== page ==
THE assumption of U.S. President Donald Trump to power is an opportunity to improve relations between Manila and Washington.
Philippine officials expressed this optimism following Trump’s swearing into office as the 45th president of the U.S. on January 20.
“We view transitions as opportunities to further relations. The US and the Philippines are treaty allies and we are ready to work on bolstering this alliance on the basis of sovereign equality and mutual respect,” said Patrick Chuasoto, chargé d’affaires ad interim of the Philippine embassy in Washington D.C., in a statement.
Malacañang, which sent Presidential Communications Secretary Martin Andanar and National Security Adviser Hermogenes Esperon Jr. to the Trump inaugural, on January 21 welcomed the new U.S. leader.
Malacanang wished Trump success in the next four years of his administration.
In a statement, presidential spokesman Ernesto Abella said the Duterte government was looking forward to working with the Trump White House for enhanced Philippines-U.S. relations.
“We look forward to working closely with the new administration of President Trump anchored on mutual respect, mutual benefit, and shared commitment to democratic ideals and the rule of law,” he said.
President Rodrigo Duterte has repeatedly unleashed expletive-laden anti-American tirades since taking office in mid-2016, and declared his “military and economic separation” from the U.S. in October while in a visit to Beijing.
Duterte announced an “independent foreign policy” following criticism of his bloody anti-drug war from Washington and Trump’s predecessor, Barack Obama. At the same time, however, Duterte wants to bolster ties with China and Russia.
- Patrick Murphy, U.S. deputy assistant secretary of State for Southeast Asia, said the U.S. would continue working with the Philippines, especially with its chairmanship of the Association of Southeast Asian Nations (Asean) this year.
“In 2017, we look forward to working with the Philippines for many reasons but one of the most important is that the Philippines has assumed chairmanship of Asean and Asean is pivotal, it is our keystone to our engagement with the entire Asia-Pacific,” he said.
Political analyst Richard Javad Heydarian was also upbeat despite a looming tightening of U.S. immigration and trade policies that could affect Filipino migrants and Philippine trade.
“I think the Duterte administration is so far optimistic that our relationship with the US will improve under Trump because the primary disagreement between the Philippines and America is the issue of human rights and it seems that Trump doesn’t care much about human rights, just to be very frank about it. That is not his priority,” he said.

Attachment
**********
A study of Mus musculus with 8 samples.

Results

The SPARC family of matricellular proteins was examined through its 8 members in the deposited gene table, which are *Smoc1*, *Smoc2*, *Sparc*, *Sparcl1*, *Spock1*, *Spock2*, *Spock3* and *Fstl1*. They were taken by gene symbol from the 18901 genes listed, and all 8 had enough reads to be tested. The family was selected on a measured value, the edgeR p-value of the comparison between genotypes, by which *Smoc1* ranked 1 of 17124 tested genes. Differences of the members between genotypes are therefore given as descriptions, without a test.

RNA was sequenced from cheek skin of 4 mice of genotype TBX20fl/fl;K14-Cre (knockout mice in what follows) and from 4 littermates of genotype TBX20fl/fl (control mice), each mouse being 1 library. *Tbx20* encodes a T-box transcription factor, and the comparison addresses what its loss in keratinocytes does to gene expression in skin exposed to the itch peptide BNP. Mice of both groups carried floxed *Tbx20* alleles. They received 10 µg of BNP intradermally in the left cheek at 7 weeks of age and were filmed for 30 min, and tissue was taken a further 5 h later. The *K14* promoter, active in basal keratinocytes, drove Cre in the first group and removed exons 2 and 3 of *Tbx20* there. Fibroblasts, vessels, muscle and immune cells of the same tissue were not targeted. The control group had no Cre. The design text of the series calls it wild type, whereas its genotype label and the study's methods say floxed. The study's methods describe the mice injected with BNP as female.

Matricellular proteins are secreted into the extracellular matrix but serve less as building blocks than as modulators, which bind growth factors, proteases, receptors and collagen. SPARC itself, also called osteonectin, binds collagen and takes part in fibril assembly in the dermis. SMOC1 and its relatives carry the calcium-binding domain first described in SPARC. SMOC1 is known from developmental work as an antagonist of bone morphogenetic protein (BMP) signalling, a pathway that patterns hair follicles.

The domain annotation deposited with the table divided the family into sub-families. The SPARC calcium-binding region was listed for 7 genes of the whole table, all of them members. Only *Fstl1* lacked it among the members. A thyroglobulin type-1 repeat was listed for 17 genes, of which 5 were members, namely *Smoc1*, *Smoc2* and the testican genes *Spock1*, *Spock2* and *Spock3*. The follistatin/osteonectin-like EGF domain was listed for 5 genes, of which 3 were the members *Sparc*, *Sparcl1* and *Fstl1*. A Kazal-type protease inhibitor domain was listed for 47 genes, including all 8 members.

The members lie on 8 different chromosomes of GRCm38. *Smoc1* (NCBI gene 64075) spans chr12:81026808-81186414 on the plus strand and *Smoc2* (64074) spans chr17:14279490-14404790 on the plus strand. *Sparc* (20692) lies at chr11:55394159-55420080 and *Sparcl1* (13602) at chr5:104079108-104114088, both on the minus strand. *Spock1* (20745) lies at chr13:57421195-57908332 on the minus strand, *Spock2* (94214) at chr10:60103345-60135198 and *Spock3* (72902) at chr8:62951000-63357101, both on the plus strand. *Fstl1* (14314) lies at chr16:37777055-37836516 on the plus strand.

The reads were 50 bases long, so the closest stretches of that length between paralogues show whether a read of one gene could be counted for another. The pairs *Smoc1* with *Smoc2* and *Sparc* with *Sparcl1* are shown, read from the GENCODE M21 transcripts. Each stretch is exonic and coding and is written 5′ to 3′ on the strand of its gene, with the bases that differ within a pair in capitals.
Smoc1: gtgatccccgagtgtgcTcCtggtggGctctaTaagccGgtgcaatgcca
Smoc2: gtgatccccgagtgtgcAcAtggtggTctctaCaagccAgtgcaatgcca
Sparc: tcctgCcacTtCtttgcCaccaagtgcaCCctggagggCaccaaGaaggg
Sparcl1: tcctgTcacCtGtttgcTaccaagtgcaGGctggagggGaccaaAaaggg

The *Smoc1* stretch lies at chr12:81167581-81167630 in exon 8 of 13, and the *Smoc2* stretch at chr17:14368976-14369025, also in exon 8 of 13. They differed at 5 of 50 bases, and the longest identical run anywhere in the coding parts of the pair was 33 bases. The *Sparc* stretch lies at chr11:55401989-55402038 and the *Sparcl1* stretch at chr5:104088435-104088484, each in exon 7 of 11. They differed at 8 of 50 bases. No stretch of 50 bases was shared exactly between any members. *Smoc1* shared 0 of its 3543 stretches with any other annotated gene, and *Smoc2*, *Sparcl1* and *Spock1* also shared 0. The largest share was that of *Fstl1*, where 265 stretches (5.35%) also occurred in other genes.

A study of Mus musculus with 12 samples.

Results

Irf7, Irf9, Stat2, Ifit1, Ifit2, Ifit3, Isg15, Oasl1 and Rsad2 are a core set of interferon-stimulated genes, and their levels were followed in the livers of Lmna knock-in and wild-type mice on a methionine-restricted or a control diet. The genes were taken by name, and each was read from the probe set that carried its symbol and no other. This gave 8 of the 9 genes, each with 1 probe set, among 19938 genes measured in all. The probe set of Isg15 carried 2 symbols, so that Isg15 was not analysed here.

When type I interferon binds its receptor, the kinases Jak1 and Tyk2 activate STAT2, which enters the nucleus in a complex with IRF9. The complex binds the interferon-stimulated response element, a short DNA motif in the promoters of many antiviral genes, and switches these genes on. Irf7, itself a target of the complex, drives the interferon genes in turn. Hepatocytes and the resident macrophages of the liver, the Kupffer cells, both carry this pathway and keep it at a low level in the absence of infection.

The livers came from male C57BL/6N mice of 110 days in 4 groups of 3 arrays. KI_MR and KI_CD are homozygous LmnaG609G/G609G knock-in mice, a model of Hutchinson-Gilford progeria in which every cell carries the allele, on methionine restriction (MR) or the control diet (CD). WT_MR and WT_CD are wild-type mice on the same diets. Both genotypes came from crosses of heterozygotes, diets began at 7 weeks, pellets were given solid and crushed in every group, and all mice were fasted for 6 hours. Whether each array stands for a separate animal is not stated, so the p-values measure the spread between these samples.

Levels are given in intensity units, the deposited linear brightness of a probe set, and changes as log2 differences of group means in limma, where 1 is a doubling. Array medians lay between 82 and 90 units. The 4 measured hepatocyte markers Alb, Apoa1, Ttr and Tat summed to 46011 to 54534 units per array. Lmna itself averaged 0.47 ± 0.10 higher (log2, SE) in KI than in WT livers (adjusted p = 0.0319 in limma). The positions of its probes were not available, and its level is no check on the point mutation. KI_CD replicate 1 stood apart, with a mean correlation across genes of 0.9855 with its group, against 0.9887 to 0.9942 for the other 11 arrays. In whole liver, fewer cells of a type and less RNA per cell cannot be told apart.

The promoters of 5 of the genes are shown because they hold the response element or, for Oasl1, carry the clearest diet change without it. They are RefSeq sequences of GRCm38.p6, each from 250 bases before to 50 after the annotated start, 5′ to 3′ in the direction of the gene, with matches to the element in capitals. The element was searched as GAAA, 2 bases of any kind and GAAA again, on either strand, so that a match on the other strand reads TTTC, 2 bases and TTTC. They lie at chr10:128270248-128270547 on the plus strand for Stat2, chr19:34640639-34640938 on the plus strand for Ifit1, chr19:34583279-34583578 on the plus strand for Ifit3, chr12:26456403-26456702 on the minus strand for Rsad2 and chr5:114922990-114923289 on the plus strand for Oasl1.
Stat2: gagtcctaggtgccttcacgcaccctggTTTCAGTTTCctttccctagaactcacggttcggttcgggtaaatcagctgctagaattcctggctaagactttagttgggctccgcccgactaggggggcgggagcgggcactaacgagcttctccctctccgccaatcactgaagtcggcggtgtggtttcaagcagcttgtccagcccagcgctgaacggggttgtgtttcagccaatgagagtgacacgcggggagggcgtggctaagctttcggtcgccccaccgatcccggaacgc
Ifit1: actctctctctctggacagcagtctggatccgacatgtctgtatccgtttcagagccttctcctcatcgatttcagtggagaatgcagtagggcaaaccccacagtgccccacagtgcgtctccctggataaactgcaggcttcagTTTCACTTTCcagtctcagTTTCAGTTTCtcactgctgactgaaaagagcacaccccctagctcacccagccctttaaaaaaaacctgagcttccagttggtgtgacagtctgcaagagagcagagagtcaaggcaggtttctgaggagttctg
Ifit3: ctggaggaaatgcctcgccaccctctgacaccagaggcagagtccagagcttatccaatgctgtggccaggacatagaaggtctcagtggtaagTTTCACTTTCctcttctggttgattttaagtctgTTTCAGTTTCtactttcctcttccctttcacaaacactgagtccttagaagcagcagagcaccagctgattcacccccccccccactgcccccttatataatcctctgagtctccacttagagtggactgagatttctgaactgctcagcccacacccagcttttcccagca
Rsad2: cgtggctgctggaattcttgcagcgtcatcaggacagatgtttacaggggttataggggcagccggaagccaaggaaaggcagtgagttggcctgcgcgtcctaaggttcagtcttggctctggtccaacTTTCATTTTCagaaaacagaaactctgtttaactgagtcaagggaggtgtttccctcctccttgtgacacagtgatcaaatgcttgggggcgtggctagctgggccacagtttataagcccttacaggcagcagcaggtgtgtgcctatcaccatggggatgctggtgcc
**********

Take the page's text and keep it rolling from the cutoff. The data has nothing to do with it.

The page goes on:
The U.S. and the Philippines have a strong commercial partnership.
The U.S. is one of the largest foreign investors in the Philippines, and is the Philippines’ third-largest trading partner.
The current stock of U.S. foreign direct investment stands above $4.7 billion, and the trade between the two countries totaled more than $18 billion in 2015.
Abella also welcomed Trump’s foreign policy direction, saying it “promises a more placid and mutually beneficial relationship especially with long-standing allies like us.”
“We find resonance with their intention to ‘seek friendship and goodwill and reinforce existing alliances, without imposing America’s way of life on others.’ Our diplomatic ties need to reflect our long-standing relationship but under terms and conditions that protect our people’s interests,” he said.
Abella also said the Palace respects the “America first” pronouncement of Trump.
“In like manner national interest is the primary consideration that guides President Rodrigo Duterte. His pursuit of peace and order is the bedrock of economic inclusivity and self-sufficiency. Still, we recognize the indispensable need to strengthen relations with allied nations as our progress, prosperity and national well-being rely on such harmonious partnerships,” Abella said.
“The community of nations prospers as each one seeks its common good, and when it comes together to support the well-being of our common humanity,” the Palace official added.
Chuasoto said the longstanding partnership between the Philippines and the U.S. would endure.
“We believe friends help each other and utilize constructive engagement to achieve common goals of greater peace, progress and prosperity. We hope that the close ties between the Philippines and the US will continue to be strengthened in pursuit of common objectives, mutual interest and shared commitment to world peace,” he said.
Chuasoto said the huge population of Filipino migrants in the U.S. would help strengthen ties. There are over three million Filipinos in the U.S., according to the Department of Foreign Affairs.
“The Filipino diaspora has a lot to account for in the strong people-to-people ties that bind the Philippines and the US…It is in this context that Filipino-Americans continue to be an important bridge between our two countries,” the diplomat said.